The new coronavirus strain is the biggest imaginable nightmare before Christmas

WE’RE facing the biggest imaginable nightmare before Christmas.

The way the new virus strain is mutating and spreading is like something from a sci-fi film.


These strains evolve, occur by chance and mutate organically. There is little we can do about it.

This variant first appeared in September in London and Kent.

By mid-November it was responsible for 28 per cent of the cases. Earlier this month it was more than 60 per cent.

It’s moving fast and becoming the dominant strain across much of England.

Nervtag, the Government’s panel of scientists who monitor viral chest infections, reckon it is 70 per cent more contagious.


It pushes up the “R” number by 0.4 — meaning that for every 100 people with Covid, 40 more will get it than would have if the original version had prevailed.

London and the South East have been badly hit because they are densely populated areas where many commute on public transport. Easing lockdown has probably worsened the situation.

The virus thrives on person-to-person contact, this new strain apparently more so.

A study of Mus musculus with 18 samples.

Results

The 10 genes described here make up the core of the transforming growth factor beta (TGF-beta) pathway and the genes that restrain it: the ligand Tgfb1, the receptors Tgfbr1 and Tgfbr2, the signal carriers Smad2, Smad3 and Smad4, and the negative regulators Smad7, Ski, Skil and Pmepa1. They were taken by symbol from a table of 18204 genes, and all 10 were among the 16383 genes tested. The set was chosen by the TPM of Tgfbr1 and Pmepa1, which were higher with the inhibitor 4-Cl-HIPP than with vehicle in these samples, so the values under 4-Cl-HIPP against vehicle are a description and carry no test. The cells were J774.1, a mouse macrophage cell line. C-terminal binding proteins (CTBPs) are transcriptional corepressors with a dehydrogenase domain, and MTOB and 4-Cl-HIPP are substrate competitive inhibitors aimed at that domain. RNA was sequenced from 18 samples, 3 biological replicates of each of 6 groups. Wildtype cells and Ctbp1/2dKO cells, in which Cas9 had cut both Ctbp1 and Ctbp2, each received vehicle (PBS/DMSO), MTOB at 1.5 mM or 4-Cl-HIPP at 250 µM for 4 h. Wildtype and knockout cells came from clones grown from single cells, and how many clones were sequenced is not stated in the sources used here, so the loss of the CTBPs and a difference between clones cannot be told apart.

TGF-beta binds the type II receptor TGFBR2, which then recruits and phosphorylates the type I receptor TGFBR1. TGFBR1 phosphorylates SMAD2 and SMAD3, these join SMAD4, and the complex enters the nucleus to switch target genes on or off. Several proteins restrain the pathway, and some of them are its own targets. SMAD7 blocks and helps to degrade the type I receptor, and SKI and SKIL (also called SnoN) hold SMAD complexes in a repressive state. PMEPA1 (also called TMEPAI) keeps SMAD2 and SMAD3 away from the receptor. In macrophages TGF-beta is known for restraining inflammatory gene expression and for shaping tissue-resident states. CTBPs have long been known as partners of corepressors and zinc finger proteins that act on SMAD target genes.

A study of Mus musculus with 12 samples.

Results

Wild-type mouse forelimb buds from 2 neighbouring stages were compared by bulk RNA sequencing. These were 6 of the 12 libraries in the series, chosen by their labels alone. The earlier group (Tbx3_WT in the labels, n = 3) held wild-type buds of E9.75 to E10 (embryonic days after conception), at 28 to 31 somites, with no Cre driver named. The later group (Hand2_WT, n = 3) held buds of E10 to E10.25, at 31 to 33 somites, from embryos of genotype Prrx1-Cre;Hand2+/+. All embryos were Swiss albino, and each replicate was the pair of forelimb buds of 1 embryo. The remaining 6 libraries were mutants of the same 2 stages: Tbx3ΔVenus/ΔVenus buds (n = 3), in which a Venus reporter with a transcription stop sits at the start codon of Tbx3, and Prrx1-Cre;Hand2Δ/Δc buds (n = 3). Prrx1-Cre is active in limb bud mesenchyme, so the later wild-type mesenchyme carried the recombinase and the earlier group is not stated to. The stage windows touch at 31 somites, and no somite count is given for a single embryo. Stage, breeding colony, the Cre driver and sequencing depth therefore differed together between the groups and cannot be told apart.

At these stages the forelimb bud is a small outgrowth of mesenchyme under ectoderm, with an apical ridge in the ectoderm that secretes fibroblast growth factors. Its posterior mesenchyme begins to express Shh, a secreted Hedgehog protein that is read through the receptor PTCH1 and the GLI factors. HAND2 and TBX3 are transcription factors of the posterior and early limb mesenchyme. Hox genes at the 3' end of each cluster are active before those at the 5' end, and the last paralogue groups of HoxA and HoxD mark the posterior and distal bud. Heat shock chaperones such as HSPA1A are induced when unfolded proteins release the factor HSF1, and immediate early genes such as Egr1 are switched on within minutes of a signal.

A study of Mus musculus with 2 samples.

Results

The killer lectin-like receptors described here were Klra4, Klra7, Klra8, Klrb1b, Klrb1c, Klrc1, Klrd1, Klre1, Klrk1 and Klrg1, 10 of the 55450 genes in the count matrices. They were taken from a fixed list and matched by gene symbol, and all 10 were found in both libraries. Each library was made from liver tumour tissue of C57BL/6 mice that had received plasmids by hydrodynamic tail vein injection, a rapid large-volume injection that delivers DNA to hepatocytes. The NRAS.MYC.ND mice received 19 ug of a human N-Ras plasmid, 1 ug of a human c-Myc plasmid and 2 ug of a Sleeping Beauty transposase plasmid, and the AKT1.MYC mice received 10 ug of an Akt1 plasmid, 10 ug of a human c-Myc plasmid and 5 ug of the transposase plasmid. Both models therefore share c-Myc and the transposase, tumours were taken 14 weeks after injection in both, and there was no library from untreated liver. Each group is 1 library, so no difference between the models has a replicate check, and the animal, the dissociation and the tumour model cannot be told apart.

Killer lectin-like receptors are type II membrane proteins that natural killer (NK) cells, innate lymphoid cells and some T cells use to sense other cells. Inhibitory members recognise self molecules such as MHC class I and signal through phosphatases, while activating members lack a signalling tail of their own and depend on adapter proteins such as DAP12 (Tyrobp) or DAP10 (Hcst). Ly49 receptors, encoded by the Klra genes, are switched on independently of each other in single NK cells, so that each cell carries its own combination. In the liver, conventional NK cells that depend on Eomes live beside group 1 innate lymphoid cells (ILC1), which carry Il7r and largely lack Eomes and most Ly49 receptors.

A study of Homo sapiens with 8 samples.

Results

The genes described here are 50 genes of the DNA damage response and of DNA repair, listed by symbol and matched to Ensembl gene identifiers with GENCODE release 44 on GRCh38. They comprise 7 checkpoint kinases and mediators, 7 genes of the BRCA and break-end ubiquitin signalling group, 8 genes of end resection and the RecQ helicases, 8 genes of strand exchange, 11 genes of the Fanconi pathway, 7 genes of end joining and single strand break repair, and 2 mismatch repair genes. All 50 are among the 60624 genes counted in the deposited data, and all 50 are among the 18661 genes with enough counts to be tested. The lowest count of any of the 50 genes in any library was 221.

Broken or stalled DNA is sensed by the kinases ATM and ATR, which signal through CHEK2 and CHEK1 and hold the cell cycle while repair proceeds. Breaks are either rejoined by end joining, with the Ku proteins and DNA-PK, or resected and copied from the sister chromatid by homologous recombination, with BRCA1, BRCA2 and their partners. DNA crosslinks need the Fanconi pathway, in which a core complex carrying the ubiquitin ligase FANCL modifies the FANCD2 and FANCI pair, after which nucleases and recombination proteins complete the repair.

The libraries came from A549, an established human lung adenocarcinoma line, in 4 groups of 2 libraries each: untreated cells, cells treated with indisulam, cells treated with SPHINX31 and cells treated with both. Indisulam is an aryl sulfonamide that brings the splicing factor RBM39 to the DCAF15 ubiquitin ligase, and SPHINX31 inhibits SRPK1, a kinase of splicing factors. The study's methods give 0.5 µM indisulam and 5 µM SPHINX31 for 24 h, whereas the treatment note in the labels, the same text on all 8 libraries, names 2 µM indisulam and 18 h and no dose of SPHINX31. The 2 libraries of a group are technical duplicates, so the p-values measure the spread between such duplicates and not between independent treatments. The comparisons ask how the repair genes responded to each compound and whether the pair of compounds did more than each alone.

I fear it’s already pretty much everywhere and it seems inevitable rates will rise from now to the year’s end, and not just in the community.

It is running amok in some hospitals where it risks infecting staff yet to develop full immunity from their first vaccine jab.

Quite why it spreads so effectively is not yet known.

One way it mutates is linked to changes in the spike protein — the sticking out bits that bind to our cells.


Some scientists believe this makes it more infectious. That’s possible, but not yet proven.

It’s unlikely the change will make the virus resistant to the new vaccines, but scientists should be able to make new versions.

That’s what is done every year with several different flu strains.

We also do not know yet if it increases the severity of Covid. Thankfully, it appears not to.

Only by monitoring will we find out what its clinical impact is and how we can deal with it.

We cannot let it run riot. If intensive care units fill up with patients struggling to breathe, there would be no space for those needing critical care after surgery or an accident.

Cancer patients on chemotherapy, who often have weakened immune systems, would be put at much greater risk.

Maybe you won’t be able to hug someone close to you this Christmas, but it may mean they’re still around for the next one.